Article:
Sex appeal helped dinosaurs take flight
Study by U of A paleontologists helps explain how feathers went from dinosaur insulation to enabling flight.
By ANDREW LYLE
Attracting mates with showy displays may have helped dinosaurs develop feathers that let them take flight, according to new research by University of Alberta paleontologists.
“The first complex wing feathers show up in tiny raptor dinosaurs that could parachute and glide flying-squirrel-style through the prehistoric treetops,” said Scott Persons, who led the study while he was a post-doctoral researcher at the U of A.
“In this study, we explored how dinosaurs went from staying warm with simple hairy feathers to gliding on complicated wing feathers.”
The study makes the case that larger, stiffer, flatter feathers gradually evolved as showy fans on the arms and tails of dinosaurs to be waved and waggled in courtship displays, leading eventually to the evolution of birds—an interpretation supported by a growing fossil record of early feathers.
“Sexual display remains an important function of complex feathers in some birds to this day,” said Persons, who is now at the College of Charleston. “Think of the feather fans of turkeys and peacocks or the head crest of a cockatoo.”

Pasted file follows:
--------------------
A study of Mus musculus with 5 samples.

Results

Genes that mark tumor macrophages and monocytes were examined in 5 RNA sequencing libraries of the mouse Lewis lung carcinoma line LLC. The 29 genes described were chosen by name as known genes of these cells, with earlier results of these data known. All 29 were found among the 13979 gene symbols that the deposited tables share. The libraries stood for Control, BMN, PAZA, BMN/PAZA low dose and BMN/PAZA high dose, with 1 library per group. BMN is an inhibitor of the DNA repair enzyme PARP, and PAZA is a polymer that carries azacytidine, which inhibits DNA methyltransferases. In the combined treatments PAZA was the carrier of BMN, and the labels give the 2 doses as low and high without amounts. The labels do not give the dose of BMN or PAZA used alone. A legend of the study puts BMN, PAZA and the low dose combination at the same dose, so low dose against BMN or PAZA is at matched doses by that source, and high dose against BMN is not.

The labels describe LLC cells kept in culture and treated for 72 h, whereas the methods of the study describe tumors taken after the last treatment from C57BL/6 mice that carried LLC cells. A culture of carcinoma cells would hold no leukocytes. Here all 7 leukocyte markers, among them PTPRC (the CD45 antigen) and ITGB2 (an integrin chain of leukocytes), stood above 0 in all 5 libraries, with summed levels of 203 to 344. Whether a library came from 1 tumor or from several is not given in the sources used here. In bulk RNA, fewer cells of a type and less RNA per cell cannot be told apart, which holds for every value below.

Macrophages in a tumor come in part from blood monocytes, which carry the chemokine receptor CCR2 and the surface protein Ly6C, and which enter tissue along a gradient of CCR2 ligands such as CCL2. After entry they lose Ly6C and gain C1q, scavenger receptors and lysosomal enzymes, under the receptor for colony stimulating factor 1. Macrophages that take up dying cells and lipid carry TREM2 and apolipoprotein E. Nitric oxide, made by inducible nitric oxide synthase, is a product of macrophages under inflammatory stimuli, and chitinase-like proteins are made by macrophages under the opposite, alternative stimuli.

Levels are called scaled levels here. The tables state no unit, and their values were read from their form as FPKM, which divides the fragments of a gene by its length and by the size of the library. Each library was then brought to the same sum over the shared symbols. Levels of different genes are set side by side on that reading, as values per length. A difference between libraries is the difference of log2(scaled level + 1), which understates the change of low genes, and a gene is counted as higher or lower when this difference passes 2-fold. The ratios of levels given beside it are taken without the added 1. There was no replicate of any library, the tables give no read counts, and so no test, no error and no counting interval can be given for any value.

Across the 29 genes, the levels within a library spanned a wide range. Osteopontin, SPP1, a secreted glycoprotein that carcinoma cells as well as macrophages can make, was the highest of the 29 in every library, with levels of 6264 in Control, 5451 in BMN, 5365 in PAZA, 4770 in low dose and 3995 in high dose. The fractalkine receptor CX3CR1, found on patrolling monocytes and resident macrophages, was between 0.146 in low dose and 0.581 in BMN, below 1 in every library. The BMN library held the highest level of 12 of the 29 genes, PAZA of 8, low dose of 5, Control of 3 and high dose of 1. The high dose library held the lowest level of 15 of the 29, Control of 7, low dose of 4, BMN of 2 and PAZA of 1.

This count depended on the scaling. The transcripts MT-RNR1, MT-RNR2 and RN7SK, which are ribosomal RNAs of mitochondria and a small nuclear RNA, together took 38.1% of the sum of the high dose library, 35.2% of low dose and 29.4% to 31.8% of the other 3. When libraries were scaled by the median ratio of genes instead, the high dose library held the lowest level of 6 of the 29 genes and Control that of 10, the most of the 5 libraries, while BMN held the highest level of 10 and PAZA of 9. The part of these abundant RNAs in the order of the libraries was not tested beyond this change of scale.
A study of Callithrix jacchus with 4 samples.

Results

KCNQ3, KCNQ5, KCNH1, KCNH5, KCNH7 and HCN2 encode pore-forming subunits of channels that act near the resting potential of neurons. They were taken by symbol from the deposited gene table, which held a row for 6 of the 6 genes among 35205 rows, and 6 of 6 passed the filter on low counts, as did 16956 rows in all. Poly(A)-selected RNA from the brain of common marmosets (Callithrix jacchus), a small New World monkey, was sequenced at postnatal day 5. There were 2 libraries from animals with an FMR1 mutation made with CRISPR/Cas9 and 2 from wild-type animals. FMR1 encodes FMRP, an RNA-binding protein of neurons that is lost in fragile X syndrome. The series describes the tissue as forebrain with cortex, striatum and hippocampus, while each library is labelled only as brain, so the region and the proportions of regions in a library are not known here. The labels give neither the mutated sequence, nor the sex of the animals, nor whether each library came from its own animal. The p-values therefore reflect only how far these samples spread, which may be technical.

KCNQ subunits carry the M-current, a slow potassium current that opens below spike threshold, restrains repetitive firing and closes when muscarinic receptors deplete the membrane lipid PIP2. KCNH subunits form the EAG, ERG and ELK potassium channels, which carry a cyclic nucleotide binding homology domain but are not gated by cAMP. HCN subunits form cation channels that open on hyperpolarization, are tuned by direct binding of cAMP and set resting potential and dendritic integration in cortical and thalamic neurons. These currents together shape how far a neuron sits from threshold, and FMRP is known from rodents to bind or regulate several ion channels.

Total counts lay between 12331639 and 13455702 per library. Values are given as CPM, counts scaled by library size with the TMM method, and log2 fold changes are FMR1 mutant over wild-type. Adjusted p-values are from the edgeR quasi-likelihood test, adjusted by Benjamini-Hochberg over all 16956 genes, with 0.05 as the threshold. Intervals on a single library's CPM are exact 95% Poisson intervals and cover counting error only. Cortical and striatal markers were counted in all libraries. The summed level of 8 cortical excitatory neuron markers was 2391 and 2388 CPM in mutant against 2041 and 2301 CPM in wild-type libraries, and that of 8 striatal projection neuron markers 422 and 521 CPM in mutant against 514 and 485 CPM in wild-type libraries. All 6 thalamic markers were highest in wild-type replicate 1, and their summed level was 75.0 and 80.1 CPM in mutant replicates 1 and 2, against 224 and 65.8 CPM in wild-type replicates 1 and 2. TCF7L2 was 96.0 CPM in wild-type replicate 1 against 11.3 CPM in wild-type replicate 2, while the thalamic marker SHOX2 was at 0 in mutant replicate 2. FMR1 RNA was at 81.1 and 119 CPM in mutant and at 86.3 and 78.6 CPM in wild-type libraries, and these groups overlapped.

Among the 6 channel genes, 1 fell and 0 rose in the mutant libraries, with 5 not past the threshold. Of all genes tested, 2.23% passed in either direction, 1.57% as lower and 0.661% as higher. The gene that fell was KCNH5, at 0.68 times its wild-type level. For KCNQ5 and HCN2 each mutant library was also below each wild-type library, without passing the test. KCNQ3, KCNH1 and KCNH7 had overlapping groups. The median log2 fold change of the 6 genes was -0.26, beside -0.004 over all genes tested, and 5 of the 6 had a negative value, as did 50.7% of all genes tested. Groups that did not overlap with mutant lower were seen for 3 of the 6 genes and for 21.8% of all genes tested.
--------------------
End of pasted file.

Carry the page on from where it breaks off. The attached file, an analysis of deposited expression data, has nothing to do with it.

A missing link
Persons said the feathers on a bird’s wing each have a central hollow shaft called a rachis whereas fossil feathers on many dinosaurs were covered only in simple hair-like feathers that nothing to do with flight. They served as insulation to keep dinosaurs warm.
“Going from simple hairy feathers to sophisticated flight feathers is a big jump. Evolution doesn’t normally work in big jumps. It’s gradual,” explained Persons. “Recognizing the intermediate function of sexual display explains a gradual way for simple feathers to have grown in complexity.”
Though the study offers clues about the evolutionary steps leading from dinosaurs to birds, there are still rich paleontological mysteries to explore concerning fossil feathers, Persons noted.
“We are still missing clear examples of sexually dimorphic feathers in dinosaurs. Today, it’s easy to tell the sexes of many birds apart based on their feathers,” he said. “Male birds tend to have larger, gaudier and brighter feathers because they are the ones doing the displaying.
“This was very likely true of feathered dinosaurs, but we haven’t found a definitive example ... yet.”
The study, “Feather Evolution Exemplifies Sexually Selected Bridges Across the Adaptive Landscape,” was published in Evolution.